The gifted junior Iowa linebacker knows it was an injury risk.
CHICAGO — Josey Jewell wasn’t supposed to be here. Not in the way we usually think about how college football stars emerge, anyway.
Yet here he was, the first non-senior that Kirk Ferentz has brought to the Big Ten Conference’s media days in 18 years as Iowa’s head coach.
A senior at Decorah High School, he had all but decided on Division III Luther College over FCS Northern Iowa, which offered much less than a football scholarship.
“It was just to cover books. I wasn’t thinking about it too seriously,” Jewell says. “I was more leaning toward Luther.”
“I didn’t think I was that good,” Jewell says.
The rest of the Iowa Conference is thankful that Reese Morgan came along.
Ferentz’s trusted longtime assistant had a hunch about Jewell, who didn’t have the recruiting measurables. But he was a winner at Decorah. Still, Ferentz wasn’t sure if Jewell had the speed it took to be a Division I linebacker. But he's learned to listen to Morgan.
“It wasn’t all that obvious on the tape, necessarily,” Ferentz says. “Reese just had a feeling about him, and he couldn’t have been more right.”
It was a feeling ... and maybe fate.
Here at the Hyatt Regency McCormick Place, Jewell told a story about breaking his hand as a 4-year-old on his family farm.
That was in 1999. While he and his father waited for the doctor, the news came across on the TV: Ferentz was being introduced as Iowa’s coach.
Jewell's life path was about to follow Ferentz’s.
As he grew into football, he followed the Hawkeyes closely. The three players he wanted to emulate? Dallas Clark, Chad Greenway and Pat Angerer. Good choices.
That trio might comprise the most classic, self-made Hawkeyes in the Ferentz era:
- Clark, the small-town Iowa walk-on who became an all-pro, Super Bowl-winning tight end for the NFL’s Indianapolis Colts.
- Greenway, the 8-man player from South Dakota (also discovered by Morgan) who starred as a linebacker with Iowa and then with the Minnesota Vikings.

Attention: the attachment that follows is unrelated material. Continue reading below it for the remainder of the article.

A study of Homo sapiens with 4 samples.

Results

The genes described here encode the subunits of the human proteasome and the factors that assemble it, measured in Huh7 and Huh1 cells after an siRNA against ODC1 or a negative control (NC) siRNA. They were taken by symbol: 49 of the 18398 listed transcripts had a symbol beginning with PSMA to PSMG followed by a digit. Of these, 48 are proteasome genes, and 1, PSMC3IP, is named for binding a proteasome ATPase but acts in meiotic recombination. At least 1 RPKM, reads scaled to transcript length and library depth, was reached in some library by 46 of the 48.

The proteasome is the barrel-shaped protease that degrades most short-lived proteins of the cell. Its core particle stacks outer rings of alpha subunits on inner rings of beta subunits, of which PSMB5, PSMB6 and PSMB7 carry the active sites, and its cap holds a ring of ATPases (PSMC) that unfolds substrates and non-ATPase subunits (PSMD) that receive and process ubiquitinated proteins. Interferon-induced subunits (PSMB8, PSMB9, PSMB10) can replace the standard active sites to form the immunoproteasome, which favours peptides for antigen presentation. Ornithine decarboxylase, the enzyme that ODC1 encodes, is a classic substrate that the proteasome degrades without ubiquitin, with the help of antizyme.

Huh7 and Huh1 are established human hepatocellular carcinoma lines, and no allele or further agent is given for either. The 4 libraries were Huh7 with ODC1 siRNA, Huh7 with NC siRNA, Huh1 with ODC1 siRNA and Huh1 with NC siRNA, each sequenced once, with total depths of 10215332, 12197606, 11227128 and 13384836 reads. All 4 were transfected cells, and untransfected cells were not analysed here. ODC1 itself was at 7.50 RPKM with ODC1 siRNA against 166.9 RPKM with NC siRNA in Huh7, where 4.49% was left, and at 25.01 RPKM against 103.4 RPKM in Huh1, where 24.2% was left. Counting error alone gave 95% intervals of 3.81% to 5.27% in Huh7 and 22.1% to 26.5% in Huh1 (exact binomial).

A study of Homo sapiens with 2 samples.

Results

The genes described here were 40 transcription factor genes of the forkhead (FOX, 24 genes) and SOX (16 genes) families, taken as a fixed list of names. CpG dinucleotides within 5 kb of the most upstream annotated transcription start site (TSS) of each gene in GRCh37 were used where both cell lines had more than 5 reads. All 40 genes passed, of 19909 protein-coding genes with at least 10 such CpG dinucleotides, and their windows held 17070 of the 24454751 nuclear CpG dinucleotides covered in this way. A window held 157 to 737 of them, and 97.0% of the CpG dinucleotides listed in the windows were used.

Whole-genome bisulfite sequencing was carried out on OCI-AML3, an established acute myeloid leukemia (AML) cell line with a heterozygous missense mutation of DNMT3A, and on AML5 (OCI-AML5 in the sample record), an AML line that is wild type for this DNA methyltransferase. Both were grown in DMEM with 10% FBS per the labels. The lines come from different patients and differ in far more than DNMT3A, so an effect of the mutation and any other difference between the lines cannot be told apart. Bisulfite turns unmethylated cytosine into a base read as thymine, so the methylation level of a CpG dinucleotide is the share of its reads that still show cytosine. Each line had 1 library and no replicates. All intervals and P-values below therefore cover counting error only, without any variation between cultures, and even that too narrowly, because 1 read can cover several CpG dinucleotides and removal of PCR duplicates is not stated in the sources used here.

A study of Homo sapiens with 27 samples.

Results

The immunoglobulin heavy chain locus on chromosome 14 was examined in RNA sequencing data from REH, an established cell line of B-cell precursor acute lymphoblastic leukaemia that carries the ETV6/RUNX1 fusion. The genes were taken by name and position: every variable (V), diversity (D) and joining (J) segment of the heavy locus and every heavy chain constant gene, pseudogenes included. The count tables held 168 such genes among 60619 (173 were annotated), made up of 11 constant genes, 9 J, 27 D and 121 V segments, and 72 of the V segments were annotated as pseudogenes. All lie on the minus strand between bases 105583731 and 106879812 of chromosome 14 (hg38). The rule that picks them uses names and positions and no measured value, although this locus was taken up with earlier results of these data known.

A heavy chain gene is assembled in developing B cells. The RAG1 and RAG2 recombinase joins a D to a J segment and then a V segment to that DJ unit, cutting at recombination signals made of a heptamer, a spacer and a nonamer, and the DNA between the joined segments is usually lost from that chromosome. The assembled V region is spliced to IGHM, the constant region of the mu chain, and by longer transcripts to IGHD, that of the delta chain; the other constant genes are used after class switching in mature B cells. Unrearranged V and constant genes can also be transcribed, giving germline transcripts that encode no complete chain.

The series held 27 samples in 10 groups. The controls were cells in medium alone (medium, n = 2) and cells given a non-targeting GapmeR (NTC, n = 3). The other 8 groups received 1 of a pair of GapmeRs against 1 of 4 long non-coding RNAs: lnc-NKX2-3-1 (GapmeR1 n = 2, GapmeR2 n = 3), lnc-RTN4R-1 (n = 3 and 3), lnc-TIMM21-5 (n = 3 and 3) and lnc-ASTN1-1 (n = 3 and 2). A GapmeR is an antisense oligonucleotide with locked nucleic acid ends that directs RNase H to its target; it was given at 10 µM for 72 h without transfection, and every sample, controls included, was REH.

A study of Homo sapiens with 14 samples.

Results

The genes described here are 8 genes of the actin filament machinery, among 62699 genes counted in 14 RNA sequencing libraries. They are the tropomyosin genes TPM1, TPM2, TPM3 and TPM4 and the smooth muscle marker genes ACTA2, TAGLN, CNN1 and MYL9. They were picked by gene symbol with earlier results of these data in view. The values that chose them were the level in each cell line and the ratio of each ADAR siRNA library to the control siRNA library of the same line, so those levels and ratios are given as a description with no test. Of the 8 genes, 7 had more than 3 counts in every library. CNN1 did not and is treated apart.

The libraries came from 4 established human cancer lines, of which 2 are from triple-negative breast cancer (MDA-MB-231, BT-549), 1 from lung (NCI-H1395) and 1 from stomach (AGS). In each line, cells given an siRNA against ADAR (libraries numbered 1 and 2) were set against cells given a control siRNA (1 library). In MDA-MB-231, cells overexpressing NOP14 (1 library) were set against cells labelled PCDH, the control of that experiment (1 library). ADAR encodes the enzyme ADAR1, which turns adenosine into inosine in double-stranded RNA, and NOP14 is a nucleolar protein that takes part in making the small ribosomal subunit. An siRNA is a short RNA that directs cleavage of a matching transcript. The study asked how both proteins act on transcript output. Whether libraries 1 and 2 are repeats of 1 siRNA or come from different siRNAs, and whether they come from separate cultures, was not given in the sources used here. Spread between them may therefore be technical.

- And Angerer, the animal from Bettendorf who posted a legendary first-team all-America season in 2009 as Iowa’s middle linebacker.
The last one is Jewell’s guy.
Like Angerer did, he wears No. 43. Both exude character that's off the charts.
“I’m just trying to follow in his footsteps,” Jewell said. “The things he did, his lifestyle stuff, how he’s seen and perceived off the field, too.”
Hawkeye fans who revered Angerer’s intensity now see it in Jewell, too.
So does Angerer, who tweeted during the Big Ten Championship Game that Jewell was the “Best 43 in Iowa history.”
“He didn’t mean that,” Jewell contends. “He was just trying to be nice. It’s alright, I understand that.”
Kirk Ferentz addresses those seasons' disapponting finishes and how it relates to high expectations of 2016.
More from Big Ten Media Days:
- Leistikow: Josey Jewell is the embodiment of a Hawkeye
- What opposing defenses think of C.J. Beathard
- Barta working on 'retirement' contract for Kirk Ferentz
- Takeaways from Iowa's session at Big Ten Media Days
- Chad Leistikow explains Iowa's life as the hunted team in the West
- What we learned about Iowa's Big Ten opponents
- Jim Harbaugh's quirks a good thing for buttoned-down Big Ten
- Media Days takeaways from Monday's sessions
- Depth chart breakdown: What we learned about Iowa
- Drake product Chris Ash tackles Rutgers rebuild
Maybe humility adds to what makes Jewell so liked among his teammates, too.
He became the first sophomore to be voted by players to Iowa’s Leadership Group. Everyone agreed to send him here to Chicago, too — the first junior under Ferentz, known for giving such rewards to seniors.
“He competes his butt off. He’s a guy you want on your team,” Iowa quarterback C.J. Beathard says. “You want to be behind him. You want a guy that’s going to put his body (on the line) and sell out.”
In 2013, on Iowa's scout team, Jewell took his lumps, in part from fellow Decorah native and offensive lineman Brett Van Sloten. Believe it or not, the lumps were delivered out of love.
“Brett used to take unmerciful cheap shots on Josey,” Ferentz says. “I knew what he was doing. I’ve seen the (big) brother act before. But that was, 'I’m passing this onto you'.”
Mark Emmert and Chad Leistikow discuss what went down Tuesday morning in Chicago.
Jewell rose into Iowa’s 2015 plans after he was one of the only ones going all-out during that TaxSlayer Bowl disaster in Jacksonville against Tennessee. While his team was down 42-7, Jewell was going hard on every play.
That's continued. Even the reigning Jim Thorpe Award winner, cornerback Desmond King, concedes that Jewell is the captain of the Iowa defense.
Just like Angerer was before him.
“I think (Angerer was) one of those ultimate Hawkeye guys,” Jewell says. “He emulates what an Iowa football player is: tough, physical, just gritty, does a lot of the small things right.”
That’s Jewell now, too. And no doubt, he belongs here.
Hawkeyes columnist Chad Leistikow has covered sports for 22 years with The Des Moines Register, USA TODAY and Iowa City Press-Citizen. Follow @ChadLeistikow on Twitter.